In the past year I’ve gone back and read some older children’s books, and I’ve been struck by how strange they now seem. The magic that made them classics still absolutely remains, but it’s striking how much sensibilities have changed.
If you read a thriller published in the ’60s or most literary fiction published in the twentieth century, there are certainly elements that may seem dated, but it does not usually feel like a wholly different experience than reading something written today.
And yet I was struck by the very adult perspective in From the Mixed-up Files of Mrs. Basil E. Frankweiler, and the way A Wrinkle in Time starts slowly before veering into what I now think is a bit of a scattered plot by today’s standards.
A few months back in The Atlantic, there was an interesting discussion about adults who re-read The Giver, not even a book that was written that long ago.
Is this just a matter of returning to books with adult perspectives, irreversibly influenced as we are by our experience and the way our outlook has changed? Is it a reflection of the maturation of a genre that is still relatively new compared to most adult genres? Is it the movie-influenced impeccable pacing that has come to dominate modern fiction?
Have you revisited a book you loved as a child and experienced it differently? What do you make of it?
I've been delighted to find as I grow older that the books I read as a child have more to say to me now than they did then. Or perhaps I just still enjoy a good story for story's sake. C.S. Lewis wrote an essay "On Juvenile Tastes," arguing that treating certain stories as "children's" stories and others as "adult's" is harmful or useless: "Fashions in literary taste come and go among the adults, and every period has its own shibboleths. These, when good, do not improve the taste of children, and, when bad, do not corrupt it; for children read only to enjoy. Of course their limited vocabulary and general ignorance makes some books unintelligible to them. But apart from that, juvenile taste is simply human taste, going on from age to age, silly with a universal silliness or wise with a universal wisdom, regardless of modes, movements, and literary revolutions."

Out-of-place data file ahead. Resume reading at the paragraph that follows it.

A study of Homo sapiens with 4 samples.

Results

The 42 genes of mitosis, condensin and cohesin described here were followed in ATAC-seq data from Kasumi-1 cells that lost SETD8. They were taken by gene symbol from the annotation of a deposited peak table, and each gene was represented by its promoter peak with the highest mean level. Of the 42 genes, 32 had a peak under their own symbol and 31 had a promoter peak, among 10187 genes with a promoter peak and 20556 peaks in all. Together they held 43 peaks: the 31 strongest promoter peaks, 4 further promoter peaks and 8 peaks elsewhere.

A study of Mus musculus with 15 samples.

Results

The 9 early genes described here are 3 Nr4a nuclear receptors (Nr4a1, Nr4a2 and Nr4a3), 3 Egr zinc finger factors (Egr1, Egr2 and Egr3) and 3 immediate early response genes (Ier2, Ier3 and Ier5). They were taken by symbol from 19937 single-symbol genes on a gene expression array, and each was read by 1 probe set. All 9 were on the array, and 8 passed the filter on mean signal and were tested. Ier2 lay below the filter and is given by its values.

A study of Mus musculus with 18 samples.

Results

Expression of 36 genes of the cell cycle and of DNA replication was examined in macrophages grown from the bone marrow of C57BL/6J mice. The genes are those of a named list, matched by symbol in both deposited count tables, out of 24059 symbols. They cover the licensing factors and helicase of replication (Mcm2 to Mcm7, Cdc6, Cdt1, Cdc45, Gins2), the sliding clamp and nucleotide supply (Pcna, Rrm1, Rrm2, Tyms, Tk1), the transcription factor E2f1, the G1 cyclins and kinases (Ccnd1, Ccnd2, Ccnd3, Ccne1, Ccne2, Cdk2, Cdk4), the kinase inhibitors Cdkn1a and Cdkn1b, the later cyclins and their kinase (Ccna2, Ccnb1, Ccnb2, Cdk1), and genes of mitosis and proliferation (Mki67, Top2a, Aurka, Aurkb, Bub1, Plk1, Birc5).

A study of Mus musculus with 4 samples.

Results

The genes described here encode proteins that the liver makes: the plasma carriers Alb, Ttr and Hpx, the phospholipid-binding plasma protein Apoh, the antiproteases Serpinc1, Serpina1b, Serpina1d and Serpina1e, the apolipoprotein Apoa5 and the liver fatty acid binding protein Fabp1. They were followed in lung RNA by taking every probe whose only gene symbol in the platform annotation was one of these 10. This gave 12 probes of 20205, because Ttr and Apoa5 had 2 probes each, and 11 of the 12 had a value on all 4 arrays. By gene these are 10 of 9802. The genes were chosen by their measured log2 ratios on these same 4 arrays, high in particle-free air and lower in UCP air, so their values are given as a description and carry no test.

Kentish Janner says
Enid Blyton books can make for some slightly uncomfortable reading these days, with their just-dancing-on-the-line colonial racism and 'fifties sexism and class snobbery. If you can ignore all of that though, the actual stories are still pretty good.
I remember loving Little Women as a child, but reading it back now it seems quite saccharine and a bit preachy. I still LOVE Alice in Wonderland and Through The Looking Glass though. And it's only since re-reading The Rose and the Ring that I realised how many subtleties I missed as a child.